Monday, December 7, 2015

Claws & Effect ~ Another Rita Mae Brown Junction

I spent a quiet weekend taking book number nine in Rita Mae Brown’s Mrs. Murphy series down.  And I enjoyed every minute of the cozy experience.  However, I feel as if I’ll be repeating myself talking about these books and series.  Nonetheless, I’ll try.
So what’s happening in Crozet, Virginia in book number nine?  For starters we’ve moved into the winter season; Brown rotates seasons throughout each book.  Even so, the residents of Crozet are suffering from something like seasonal depression.  To keep entertained, they whisper faux concern for bickering hospital staff members.  Particularly the hospital's plant manager and a doctor who've found themselves in a shove match inside the local post office.  What could be the issue?  And how wonderful it is for gossip during this freezing season?  Well, the townsfolk will chew over the reason among one another–for entertainment.  Until the plant manager turns up dead in the hospital's boiler room.  A boiler room rumored to contain a secret passage to the Underground Railroad from the Civil War.  And one in which operating and manufacturing secrets appear kept out of sight.  
With so many secrets abound, Harry and her canine/feline sleuthing duo investigates.  Of course with unsolicited service.  As more murders pop up, and the killer threatens Harry’s life, the clock races to catch the town's killer.  But now Harry will need to work with the police to remain safe while luring out the culprit.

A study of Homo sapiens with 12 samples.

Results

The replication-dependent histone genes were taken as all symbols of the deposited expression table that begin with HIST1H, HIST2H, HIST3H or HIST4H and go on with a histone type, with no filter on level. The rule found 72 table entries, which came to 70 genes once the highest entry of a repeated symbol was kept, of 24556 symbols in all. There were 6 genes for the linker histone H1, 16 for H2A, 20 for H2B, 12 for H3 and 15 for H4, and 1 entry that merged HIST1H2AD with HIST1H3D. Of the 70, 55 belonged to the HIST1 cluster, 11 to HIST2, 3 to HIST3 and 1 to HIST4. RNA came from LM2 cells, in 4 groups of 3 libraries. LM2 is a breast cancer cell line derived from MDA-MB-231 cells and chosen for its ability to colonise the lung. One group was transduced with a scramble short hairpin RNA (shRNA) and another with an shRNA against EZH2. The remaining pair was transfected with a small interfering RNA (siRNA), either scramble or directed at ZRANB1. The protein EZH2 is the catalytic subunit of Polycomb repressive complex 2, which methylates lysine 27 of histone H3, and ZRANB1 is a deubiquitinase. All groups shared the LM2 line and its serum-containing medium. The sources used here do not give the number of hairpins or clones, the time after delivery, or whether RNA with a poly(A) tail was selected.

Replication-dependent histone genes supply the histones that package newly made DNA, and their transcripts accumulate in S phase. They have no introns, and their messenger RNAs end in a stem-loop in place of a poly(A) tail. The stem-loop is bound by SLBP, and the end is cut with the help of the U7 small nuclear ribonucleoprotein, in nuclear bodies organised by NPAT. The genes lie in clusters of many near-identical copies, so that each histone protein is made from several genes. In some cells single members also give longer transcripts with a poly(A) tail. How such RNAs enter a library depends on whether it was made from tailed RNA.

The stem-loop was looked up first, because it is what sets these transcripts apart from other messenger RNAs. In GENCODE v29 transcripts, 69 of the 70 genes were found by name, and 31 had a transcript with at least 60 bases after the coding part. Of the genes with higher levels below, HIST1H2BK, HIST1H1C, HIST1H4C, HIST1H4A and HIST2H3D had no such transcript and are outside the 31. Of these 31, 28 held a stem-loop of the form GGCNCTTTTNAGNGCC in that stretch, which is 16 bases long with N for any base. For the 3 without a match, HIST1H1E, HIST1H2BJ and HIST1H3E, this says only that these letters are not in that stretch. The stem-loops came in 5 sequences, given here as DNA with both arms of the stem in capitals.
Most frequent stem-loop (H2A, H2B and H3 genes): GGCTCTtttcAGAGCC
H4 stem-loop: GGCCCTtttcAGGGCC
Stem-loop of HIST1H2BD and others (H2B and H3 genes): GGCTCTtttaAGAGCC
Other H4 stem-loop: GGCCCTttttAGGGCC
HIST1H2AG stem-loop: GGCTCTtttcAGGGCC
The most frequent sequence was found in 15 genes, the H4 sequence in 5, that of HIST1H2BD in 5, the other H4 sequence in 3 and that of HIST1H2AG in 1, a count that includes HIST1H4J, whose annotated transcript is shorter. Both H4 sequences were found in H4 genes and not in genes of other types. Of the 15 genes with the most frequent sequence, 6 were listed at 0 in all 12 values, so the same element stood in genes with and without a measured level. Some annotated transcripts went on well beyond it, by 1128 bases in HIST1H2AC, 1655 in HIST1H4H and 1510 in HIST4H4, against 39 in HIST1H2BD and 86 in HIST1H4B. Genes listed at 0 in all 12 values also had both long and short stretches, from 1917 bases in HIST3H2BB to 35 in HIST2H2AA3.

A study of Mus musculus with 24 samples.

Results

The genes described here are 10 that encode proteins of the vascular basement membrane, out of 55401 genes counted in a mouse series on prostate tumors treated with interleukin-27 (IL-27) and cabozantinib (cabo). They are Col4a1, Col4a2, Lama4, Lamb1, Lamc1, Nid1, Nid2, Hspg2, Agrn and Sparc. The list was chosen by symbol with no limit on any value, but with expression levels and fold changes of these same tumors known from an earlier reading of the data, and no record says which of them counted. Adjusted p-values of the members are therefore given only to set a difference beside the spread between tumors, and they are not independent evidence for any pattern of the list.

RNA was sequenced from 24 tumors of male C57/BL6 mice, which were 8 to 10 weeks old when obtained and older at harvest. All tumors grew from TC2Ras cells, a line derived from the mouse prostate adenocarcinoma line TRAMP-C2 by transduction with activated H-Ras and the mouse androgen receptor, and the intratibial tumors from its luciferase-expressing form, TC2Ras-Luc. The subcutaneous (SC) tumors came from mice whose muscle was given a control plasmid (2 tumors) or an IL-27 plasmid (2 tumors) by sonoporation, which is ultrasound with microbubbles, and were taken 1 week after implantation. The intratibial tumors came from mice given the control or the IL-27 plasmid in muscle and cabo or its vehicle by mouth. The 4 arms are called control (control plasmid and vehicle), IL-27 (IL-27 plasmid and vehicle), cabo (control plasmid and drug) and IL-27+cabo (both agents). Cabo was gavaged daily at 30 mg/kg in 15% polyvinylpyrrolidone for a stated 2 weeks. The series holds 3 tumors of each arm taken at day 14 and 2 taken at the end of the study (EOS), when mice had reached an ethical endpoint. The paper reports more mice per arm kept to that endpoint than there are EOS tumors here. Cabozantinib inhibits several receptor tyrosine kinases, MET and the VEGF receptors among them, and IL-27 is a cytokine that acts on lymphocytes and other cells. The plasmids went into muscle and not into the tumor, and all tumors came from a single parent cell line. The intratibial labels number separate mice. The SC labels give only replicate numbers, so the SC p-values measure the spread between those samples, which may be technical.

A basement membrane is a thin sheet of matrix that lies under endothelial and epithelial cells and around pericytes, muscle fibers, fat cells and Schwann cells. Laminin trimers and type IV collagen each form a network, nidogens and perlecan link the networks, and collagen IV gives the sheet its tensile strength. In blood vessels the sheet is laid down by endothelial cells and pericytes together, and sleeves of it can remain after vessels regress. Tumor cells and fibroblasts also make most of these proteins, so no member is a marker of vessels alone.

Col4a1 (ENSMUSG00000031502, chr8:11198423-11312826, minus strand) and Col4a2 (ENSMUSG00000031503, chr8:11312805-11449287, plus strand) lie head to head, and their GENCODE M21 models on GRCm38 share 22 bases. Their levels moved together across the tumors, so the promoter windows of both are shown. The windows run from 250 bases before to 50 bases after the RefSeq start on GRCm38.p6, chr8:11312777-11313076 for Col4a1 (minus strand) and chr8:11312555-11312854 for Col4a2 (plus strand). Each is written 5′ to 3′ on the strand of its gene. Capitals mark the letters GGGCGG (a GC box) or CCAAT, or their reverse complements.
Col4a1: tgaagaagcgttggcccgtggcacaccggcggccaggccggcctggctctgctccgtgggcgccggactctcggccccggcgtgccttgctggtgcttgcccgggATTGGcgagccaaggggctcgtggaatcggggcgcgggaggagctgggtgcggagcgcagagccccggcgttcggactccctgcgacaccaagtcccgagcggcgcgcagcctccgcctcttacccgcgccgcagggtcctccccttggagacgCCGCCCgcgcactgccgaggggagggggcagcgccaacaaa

As always, I just can’t get enough of this fluffy series.  I’ve often wondered what has drawn me most.  Is it the cozy, small-town atmosphere?  Or maybe it's Harry herself?  I love how she's amateurish, rugged and discerning.  She has an observational sense of recognizing the nature of her friends and neighbors.  As well as who has the potential to murder.  Or is it the treat–or hook of the series–of a cat and dog sleuth?
Ah, hell.  It’s a blend of all those elements, and the sometimes referenced humor as well.  And Brown does interject her thoughts and narrations on certain topics, but I’m hardly distracted enough to slip out of her stories.  Hardly!  So what if she wallows on and on about fox hunting during certain segments?  Besides, the horses and foxes expressing their grievances "live" make up for any commentaries.
Lastly, this is out of the blue, but I kind of dislike Mrs. Murphy gets more credit than her canine counterpart, Tee Tucker.  Why is the series named Mrs. Murphy Mysteries when Tee Tucker (and another cat named Pewter) are just as present?
Anyway, on to book ten!  The cozy mystery fun never stops.